Do We Really Need to Breed “Heat Resistant” Farm Animals to Feed the World?
Efforts underway to create farm animals who can withstand rising global temperatures, that some believe will be needed to feed the world’s growing population, are drawing both criticism and support from both sides of the climate change debate.
To address the ways extreme weather conditions from droughts to heat waves will impact farm animals scientists from the University of Delaware are working to create new breeds of chickens that can withstand heat and survive.
“The game is changing since the climate is changing,” Carl Schmidt, one of the researchers, told the LA Times. “We have to start now to anticipate what changes we have to make in order to feed 9 billion people.”
Their work currently involves mapping the genetic code of African naked-neck chickens to see if their ability to withstand heat is something that can be bred into domestic chickens who are bred for their meat. Similar efforts are underway at the University of California, Davis, Oklahoma State University and Michigan State University, where researchers are looking at ways to make chickens, cattle and turkeys, who are particularly susceptible to hotter temperatures, more adaptable.
At least some are criticizing the effort because it’s granting the factory farms that are already contributing largely to the problem the go ahead to continue business as usual, instead of focusing on ways to cut greenhouse gas emissions and looking at how we can change our habits to reduce our impact on the earth, in addition to ways we can support food security through plant-based diets.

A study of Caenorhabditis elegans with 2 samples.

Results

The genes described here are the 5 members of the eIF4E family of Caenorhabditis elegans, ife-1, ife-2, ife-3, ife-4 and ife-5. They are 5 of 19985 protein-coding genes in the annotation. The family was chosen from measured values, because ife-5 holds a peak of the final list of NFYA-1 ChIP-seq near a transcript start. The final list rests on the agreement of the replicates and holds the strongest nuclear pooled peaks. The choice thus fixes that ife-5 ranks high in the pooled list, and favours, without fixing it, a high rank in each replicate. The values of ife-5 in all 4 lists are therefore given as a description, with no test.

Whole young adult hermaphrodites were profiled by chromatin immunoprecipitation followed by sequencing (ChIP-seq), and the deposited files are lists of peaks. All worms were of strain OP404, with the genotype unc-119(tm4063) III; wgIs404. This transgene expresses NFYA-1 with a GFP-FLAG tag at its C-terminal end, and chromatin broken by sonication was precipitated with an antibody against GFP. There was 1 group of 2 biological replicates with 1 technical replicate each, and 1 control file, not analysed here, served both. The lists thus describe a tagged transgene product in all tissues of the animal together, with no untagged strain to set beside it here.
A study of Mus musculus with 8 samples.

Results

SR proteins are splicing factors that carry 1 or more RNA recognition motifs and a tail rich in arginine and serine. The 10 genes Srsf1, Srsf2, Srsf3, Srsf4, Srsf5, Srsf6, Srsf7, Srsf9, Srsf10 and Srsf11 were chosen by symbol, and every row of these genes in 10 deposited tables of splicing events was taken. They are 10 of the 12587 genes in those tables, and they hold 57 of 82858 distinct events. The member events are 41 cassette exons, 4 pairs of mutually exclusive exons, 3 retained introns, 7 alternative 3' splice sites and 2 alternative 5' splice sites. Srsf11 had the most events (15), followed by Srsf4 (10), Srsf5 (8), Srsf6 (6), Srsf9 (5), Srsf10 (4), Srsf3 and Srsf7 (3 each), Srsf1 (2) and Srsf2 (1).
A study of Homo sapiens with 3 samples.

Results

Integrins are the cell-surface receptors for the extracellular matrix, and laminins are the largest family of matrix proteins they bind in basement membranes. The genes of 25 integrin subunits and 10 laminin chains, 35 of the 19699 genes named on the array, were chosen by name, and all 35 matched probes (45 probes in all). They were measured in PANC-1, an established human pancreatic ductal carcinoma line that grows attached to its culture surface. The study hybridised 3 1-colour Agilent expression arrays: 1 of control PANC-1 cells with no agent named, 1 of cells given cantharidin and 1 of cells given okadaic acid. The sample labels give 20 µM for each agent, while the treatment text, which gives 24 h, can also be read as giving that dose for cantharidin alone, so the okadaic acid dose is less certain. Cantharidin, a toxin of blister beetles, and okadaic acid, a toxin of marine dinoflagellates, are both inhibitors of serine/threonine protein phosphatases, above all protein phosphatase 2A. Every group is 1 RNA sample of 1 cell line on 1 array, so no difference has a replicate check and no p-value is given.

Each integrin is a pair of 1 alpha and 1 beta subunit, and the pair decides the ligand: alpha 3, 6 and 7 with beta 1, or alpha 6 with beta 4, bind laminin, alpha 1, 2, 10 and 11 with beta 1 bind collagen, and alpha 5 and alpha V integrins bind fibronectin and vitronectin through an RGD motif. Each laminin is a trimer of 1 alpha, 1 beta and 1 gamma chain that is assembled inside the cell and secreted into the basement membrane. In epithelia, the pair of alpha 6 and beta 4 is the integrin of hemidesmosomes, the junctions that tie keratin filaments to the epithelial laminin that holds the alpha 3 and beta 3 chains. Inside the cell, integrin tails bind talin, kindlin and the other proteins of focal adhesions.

Alan Miller, who recently retired as a principal climate-change specialist at the World Bank, told the LA Times this approach “is like trying to promote driver safety while helping the car industry make faster cars.”
His sentiments have been echoed by numerous conservation organizations, animal advocates and people like Bill Gates who continue to push the message that there’s no way to sustainably produce enough meat to feed a population that’s projected to reach 9 billion people by 2050. Gates has previously put his money where his mouth is by contributing to companies like Hampton Creek Foods, which aims to cut animals out of the equation entirely with products including Beyond Eggs and Just Mayo that mimic the real thing.
It’s certainly becoming increasingly difficult to ignore the consequences of meat consumption, which include a loss of biodiversity, deforestation, air and water pollution, diseases, violence and, of course, climate change itself. Continuing to try to manufacture animals who can be mass produced to meet the demand for meat also overlooks the suffering of billions of cows, chickens, sheep, pigs and other sentient animals who are confined, drugged, mutilated and abused before they are slaughtered to satisfy our appetites.
Are efforts to make farm animals more and more efficient, at their physical and psychological expense, really needed? Or does the focus need to move to changing the way we live now in order to ensure a liveable planet for future generations?